Which Joe gave his name to ‘sloppy joes’? We look at five interesting sandwiches and their lexical origins.
1A Eurasian plant of the mint family, which bears spikes of showy purple flowers.
- ‘It also comes with a free dime-bag of ‘nicotine-free smoking blend consisting of a mixture of wood betony, rosemary, thyme and lavender.’’
- ‘I got the idea from a garden at the Arizona-Sonora Desert Museum in which a badly eroded mud adobe wall enclosed a circular planting bed filled with red-flowered Texas betony and salvias.’
- ‘I then took some betony and cut it with my dagger and placed it in my cauldron.’
- ‘‘‘Tis betony; ‘twill be a rinse for his wound, ‘she said as she stirred it around.’’
- ‘Bithwind Bindweed Bitony Wood betony, Stachys Betonica, known as bishopswort, highly popular cure although especially used for headaches.’
- ‘Comparison with other nerve herbs: most specific for insomnia caused by nervous excitement, in this it is somewhat similar to skullcap and stronger than wood betony.’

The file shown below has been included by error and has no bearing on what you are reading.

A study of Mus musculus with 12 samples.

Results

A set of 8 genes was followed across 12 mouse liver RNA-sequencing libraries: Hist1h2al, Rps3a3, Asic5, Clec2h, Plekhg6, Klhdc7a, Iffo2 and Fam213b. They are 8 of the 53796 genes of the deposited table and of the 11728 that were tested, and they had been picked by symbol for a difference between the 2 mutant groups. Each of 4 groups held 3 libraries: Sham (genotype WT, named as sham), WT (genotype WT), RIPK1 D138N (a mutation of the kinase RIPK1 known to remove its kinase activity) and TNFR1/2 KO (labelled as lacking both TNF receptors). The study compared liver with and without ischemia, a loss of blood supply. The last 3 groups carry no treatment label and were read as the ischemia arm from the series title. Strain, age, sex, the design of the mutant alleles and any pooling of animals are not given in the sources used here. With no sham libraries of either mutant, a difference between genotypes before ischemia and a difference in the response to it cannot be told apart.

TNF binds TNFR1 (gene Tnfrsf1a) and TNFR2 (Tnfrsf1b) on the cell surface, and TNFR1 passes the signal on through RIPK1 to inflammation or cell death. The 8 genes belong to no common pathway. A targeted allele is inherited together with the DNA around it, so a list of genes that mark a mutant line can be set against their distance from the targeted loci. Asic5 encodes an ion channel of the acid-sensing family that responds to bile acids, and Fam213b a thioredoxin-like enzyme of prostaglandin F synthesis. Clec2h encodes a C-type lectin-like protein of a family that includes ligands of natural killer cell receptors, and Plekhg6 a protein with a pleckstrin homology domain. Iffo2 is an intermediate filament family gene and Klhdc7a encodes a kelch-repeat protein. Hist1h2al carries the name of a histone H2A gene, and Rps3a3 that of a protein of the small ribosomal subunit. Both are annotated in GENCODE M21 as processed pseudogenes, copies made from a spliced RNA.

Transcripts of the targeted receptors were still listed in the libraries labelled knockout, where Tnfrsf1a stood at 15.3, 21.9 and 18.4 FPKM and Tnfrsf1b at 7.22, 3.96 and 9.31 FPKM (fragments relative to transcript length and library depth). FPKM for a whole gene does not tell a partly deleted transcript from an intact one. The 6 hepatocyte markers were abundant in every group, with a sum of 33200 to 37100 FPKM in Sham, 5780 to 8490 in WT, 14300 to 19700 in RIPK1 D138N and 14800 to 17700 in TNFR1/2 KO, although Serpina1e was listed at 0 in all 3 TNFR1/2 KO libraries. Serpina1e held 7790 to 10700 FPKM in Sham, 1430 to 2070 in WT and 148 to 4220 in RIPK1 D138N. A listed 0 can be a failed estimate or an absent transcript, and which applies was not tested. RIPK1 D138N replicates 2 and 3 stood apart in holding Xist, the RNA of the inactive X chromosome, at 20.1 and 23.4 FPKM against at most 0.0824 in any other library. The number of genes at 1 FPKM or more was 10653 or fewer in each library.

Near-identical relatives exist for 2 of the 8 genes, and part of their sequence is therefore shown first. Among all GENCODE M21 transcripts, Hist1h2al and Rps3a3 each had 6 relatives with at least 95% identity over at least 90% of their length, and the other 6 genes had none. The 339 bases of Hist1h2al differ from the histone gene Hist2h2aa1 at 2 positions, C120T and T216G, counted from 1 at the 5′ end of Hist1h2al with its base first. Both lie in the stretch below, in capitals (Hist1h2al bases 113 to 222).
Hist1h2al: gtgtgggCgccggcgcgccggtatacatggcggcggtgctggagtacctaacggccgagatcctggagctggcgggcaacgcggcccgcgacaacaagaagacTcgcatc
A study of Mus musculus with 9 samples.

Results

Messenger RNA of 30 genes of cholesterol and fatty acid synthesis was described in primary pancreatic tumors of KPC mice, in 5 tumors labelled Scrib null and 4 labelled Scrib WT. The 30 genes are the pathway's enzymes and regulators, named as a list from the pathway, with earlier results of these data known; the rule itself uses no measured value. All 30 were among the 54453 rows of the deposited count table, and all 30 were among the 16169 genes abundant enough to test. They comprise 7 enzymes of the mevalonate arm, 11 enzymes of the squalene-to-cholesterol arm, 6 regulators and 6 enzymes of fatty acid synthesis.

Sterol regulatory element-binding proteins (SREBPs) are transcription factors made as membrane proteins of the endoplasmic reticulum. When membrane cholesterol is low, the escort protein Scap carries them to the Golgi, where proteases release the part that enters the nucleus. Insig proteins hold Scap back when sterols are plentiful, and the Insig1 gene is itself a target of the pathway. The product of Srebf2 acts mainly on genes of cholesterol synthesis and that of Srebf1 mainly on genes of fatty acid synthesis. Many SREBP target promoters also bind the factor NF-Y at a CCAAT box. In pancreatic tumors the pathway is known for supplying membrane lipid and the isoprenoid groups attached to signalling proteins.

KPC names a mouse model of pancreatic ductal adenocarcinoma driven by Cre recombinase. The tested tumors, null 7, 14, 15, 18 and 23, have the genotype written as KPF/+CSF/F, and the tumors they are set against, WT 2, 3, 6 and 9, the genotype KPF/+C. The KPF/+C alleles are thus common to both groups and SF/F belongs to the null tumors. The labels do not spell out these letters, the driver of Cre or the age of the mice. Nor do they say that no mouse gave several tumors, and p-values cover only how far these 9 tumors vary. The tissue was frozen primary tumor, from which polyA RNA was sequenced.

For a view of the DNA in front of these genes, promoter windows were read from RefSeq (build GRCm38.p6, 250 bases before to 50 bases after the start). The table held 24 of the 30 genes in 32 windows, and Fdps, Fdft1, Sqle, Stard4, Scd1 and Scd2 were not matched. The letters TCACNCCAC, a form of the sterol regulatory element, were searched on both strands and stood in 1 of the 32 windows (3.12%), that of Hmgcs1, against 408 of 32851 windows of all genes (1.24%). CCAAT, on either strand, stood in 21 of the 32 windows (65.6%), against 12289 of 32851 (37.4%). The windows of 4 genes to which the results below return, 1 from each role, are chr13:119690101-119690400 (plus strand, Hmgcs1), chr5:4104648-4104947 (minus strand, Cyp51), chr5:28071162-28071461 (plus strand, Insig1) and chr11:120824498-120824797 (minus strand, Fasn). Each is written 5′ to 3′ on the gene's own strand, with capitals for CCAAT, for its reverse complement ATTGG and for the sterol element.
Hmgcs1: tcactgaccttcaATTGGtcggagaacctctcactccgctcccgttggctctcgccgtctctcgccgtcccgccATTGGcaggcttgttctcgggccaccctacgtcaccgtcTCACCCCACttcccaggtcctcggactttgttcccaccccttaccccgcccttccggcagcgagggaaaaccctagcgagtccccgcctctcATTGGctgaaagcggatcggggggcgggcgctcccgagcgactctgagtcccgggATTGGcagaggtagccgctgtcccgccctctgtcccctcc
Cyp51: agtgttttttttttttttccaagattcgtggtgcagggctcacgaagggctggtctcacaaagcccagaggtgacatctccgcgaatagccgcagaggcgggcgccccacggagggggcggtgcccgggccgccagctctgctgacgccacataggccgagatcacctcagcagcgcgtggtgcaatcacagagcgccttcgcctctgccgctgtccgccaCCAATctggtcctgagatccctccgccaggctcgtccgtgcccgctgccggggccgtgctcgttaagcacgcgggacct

- ‘Peppermint, betony and sunflower teas can take a little milk.’
- 1.1 Used in names of plants that resemble the betony, e.g. water betony.
- ‘Cancer the Crab - June 22 - July 22, ruling the stomach peristalsis, lower part of the lungs, breasts, esophagus, diaphragm, liver, stomach: daisy, agrimony, alder, lemon balm, water lilies, rushes, cucumbers, squashes, melons, water plants, water betony, honeysuckle, hyssop, jasmine.’
Middle English: from Old French betoine, based on Latin betonica, perhaps from the name of an Iberian tribe.
We take a look at several popular, though confusing, punctuation marks.
From Afghanistan to Zimbabwe, discover surprising and intriguing language facts from around the globe.
The definitions of ‘buddy’ and ‘bro’ in the OED have recently been revised. We explore their history and increase in popularity.